Scott Beauchamp,  March 5, 2015

For Love of Country (and Money)


Giuliani was right; it was a horrible thing to say. Following an expected pattern, he later walked his remarks back a bit. In a Wall Street Journal editorial, Giuliani claimed that he “didn’t intend to question President Obama’s motives or the content of his heart.” That’s quite a humble concession coming from someone like Giuliani. He’s right that we can’t know the content of man’s mysterious heart. But we can know the contents of his bank account.

Giuliani is a rich man. One of the ways he has amassed such a fortune is through his consulting firm’s ties to the country of Qatar. It’s a strange business partner for a soapbox jingoist, Qatar. The tiny oil rich kingdom is an ally, but they’re also ruled by a royal family that is…let’s say “soft” on terrorism. So Rudy Giuliani’s firm has provided security consultation to a country that, according to The New Republic, “is believed to have directly supported some of the most radical groups fighting in the Syrian war through much of 2013. This may have included Al Qaeda’s affiliate in Syria, the Nusra Front.”

Former CIA agent Bob Baer has said that Giuliani’s consultations with Qatar are “a huge conflict of interests. He is metaphorically taking money from the same accounts that paid [Khalid Sheikh Mohammed].” Giuliani may not know this, but the thing about the Nusra Front and KSM is that they don’t love you, and they don’t love me. They just weren’t brought up the way we were brought up, with love for our country.

It would be unfair to focus solely on Rudy Giuliani. He’s not even running for president anymore. But Hillary Clinton almost certainly will be, and she and her foreign financial ties deserve the same scrutiny. Last month the Washington Post reported that “The Clinton Foundation (now known as the Bill, Hillary & Chelsea Clinton Foundation) accepted millions of dollars from seven foreign governments during Hillary Rodham Clinton’s tenure as secretary of state, including one donation that violated its ethics agreement with the Obama administration.”

That latter violation was a half million-dollar donation from the Algerian government, ostensibly for earthquake relief to Haiti. The potential for shady dealings is obvious; it’s illegal for foreign governments to directly donate to American political candidates, but the Clinton Foundation is potentially a way to violate the spirit of the law while holding to it in letter.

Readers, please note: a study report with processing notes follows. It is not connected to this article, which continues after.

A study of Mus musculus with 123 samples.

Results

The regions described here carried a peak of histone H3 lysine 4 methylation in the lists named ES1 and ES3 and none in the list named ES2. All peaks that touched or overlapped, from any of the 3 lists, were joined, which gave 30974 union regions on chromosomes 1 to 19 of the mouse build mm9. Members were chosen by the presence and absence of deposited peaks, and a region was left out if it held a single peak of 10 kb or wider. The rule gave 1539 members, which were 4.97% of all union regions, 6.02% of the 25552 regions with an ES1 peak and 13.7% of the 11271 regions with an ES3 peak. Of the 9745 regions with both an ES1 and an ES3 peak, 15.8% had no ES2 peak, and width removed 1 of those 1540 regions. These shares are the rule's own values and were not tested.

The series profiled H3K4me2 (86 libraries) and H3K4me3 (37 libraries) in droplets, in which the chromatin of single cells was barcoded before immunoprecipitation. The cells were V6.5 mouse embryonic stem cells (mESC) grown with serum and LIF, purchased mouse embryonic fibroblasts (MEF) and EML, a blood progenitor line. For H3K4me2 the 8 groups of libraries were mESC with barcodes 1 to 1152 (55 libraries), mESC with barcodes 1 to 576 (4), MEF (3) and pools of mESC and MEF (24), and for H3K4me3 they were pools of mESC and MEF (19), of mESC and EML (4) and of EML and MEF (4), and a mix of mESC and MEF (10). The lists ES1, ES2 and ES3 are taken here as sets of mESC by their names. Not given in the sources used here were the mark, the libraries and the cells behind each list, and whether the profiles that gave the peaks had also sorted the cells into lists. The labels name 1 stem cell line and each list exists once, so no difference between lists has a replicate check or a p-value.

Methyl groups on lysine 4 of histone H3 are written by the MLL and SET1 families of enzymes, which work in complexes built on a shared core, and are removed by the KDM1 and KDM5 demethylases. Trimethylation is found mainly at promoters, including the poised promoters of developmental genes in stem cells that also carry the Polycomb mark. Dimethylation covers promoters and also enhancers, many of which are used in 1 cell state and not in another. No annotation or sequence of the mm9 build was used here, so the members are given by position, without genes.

One example of how unscrupulous this tit for tat can be is the case of Alisa Flatow. A New Jersey resident, Flatow was killed in an Iranian terrorist attack in Gaza in 1995. The Anti-Terrorism Act of 1996 allows victims of attacks to bring suit against responsible governments, and so after an investigation, Flatow’s family was awarded $247 million from the Iranian government. Unsurprisingly, the Iranians refused to actually hand the money over, so a court decided that Iranian government assets in America would be seized. But things got complicated, fast. As Seth Lipsky reported last year in Haaretz:

When it came time for Flatow to collect, an incredible thing happened. The Clinton administration went into court and took the side of Iran against Alisa.

It had panicked when Flatow, aiming to enforce the judgment he’d won, sought to claim a building that the Iran ambassador had used as a residence in Washington. Enforcing the judgment, the Clinton administration claimed, would wreak diplomatic havoc. Eventually, the U.S. government paid Flatow and a number of other terror victims a small settlement out of taxpayer funds. In exchange, the U.S. government, at least in theory, will eventually get to settle up with Iran.

One of the assets the court tried to seize was a building in Manhattan owned by the Alavi Foundation—which the Clinton Administration tried to argue was not an Iranian asset. The courts disagreed (the Alavi Foundation is run by the Iranian government), and at least two banks pled guilty to helping Iran illegally access the American financial system. The Alavi Foundation came out all right though, don’t worry; their most recent tax records, from 2007, show that they made $4.5 million solely from renting out property they own. In 2006, they began donating to the Clinton Foundation, and made another hefty donation in 2008. Simply put, an Iranian shell company associated with a terrorism case is a donor to the Clinton Foundation.

As Jackson Lears astutely points out in his review of Hillary Clinton’s candidate’s memoir Hard Choices, it’s Clintons’ modus operandi to trade political influence for money. This is why Iranian front groups, and so many others, donate to the Clintons. It’s also why Qatar has anything to do with the clownish Giuliani. People that operate on this political and financial level are continually trading money for access, and vice versa. Maybe this shadowy trade is evidence of a love of country too subtle for me to understand. Or maybe I just wasn’t brought up that way.

Scott Beauchamp is a writer and veteran who lives in Maine. His work has appeared in The AtlanticRolling Stone, and the Village Voice, among other places.